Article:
Ancient coins had single purpose

It’s a thin coin about the size of a quarter. It has “10”_ and “W.E. Anderson Quathiaski Cove” on it.

It’s a thin coin about the size of a quarter. It has  “10”_ and “W.E. Anderson Quathiaski Cove” on it.

It came my way via Val Biffert who found it among her mother’s stuff. Her mother taught school on Quadra Island in the late 1930s.

I grew up on Quadra.

We lived on a farm at Heriot Bay until I was seven.

Getting to school required either crossing the bay in a row boat or riding several miles on the crossbar of my brother’s bike.

Dad thought this was too hard for a little girl so he took the job as postmaster at Quathiaski Cove, on the other side of the island, where the school was within walking distance.

Quathiaski’s claim to fame was the fish cannery.

Shortly before we moved, BC Packers Ltd. bought the cannery company, which included a general store, from W.E. Anderson. The Andersons had a large two-story summer home which sat on pilings on the beach at the head of the government wharf.

BC Packers converted this building into offices (one for them, one for the post office,) and three apartments.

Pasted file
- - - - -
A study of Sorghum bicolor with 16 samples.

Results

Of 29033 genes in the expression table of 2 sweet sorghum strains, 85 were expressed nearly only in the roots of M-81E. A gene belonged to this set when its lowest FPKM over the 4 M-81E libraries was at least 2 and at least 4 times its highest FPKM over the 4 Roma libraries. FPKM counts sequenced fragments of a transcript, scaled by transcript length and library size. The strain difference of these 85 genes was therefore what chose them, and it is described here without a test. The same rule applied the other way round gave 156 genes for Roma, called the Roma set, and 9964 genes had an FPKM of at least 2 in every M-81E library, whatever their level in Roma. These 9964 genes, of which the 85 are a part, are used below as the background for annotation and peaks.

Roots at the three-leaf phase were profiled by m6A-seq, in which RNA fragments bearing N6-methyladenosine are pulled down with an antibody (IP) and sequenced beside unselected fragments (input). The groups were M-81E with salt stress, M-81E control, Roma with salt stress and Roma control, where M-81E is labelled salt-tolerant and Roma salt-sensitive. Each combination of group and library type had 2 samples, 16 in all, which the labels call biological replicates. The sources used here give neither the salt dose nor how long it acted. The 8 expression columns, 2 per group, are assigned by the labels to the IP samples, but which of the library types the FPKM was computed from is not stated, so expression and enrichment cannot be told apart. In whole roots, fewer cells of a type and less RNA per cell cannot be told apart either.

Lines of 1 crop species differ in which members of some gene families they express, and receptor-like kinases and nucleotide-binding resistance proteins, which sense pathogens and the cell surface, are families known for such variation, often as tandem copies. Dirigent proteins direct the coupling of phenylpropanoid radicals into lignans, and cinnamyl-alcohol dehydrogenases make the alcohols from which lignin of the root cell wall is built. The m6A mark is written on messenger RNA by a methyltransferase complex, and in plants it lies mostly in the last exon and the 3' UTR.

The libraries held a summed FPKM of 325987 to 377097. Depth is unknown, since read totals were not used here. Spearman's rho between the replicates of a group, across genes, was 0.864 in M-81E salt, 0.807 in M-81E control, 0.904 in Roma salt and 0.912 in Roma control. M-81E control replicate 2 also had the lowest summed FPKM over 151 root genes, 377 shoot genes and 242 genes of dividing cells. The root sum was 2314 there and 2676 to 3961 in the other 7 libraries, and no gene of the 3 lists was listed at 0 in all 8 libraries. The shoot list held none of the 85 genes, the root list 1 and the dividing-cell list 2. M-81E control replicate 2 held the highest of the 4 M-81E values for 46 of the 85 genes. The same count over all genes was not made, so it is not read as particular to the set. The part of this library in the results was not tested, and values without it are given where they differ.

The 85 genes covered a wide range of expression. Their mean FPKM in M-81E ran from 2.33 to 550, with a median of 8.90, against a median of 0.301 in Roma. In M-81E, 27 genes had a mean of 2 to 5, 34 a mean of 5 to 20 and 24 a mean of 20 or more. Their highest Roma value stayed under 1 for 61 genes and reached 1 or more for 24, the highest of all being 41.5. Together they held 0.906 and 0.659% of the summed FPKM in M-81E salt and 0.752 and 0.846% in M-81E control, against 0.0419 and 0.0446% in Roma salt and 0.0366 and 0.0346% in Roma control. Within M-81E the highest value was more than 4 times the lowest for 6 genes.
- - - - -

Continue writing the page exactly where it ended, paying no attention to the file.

What had been the ballroom became our three-bedroom apartment.

I have no idea why the Andersons needed a ballroom, but they left their piano behind. Dad bought it from BCP for $1.

Some time after we moved in, we discovered a lot of these coins in the back of the piano.

Until the First Nations fishermen complained in 1922, fishermen were paid this “fish money” which could only be spent at the company store.

(Owe your soul to the company store?)

The coins came in different denominations (I think 1 to 100). Dad got the idea to  advertise sets of them in a coin collectors’ magazine. They sold very well.

My friends and I played store with the leftovers. I don’t know what happened to them.

Diana French is a freelance columnist for the Tribune.She is a former Tribune editor, retired teacher, historian, and book author.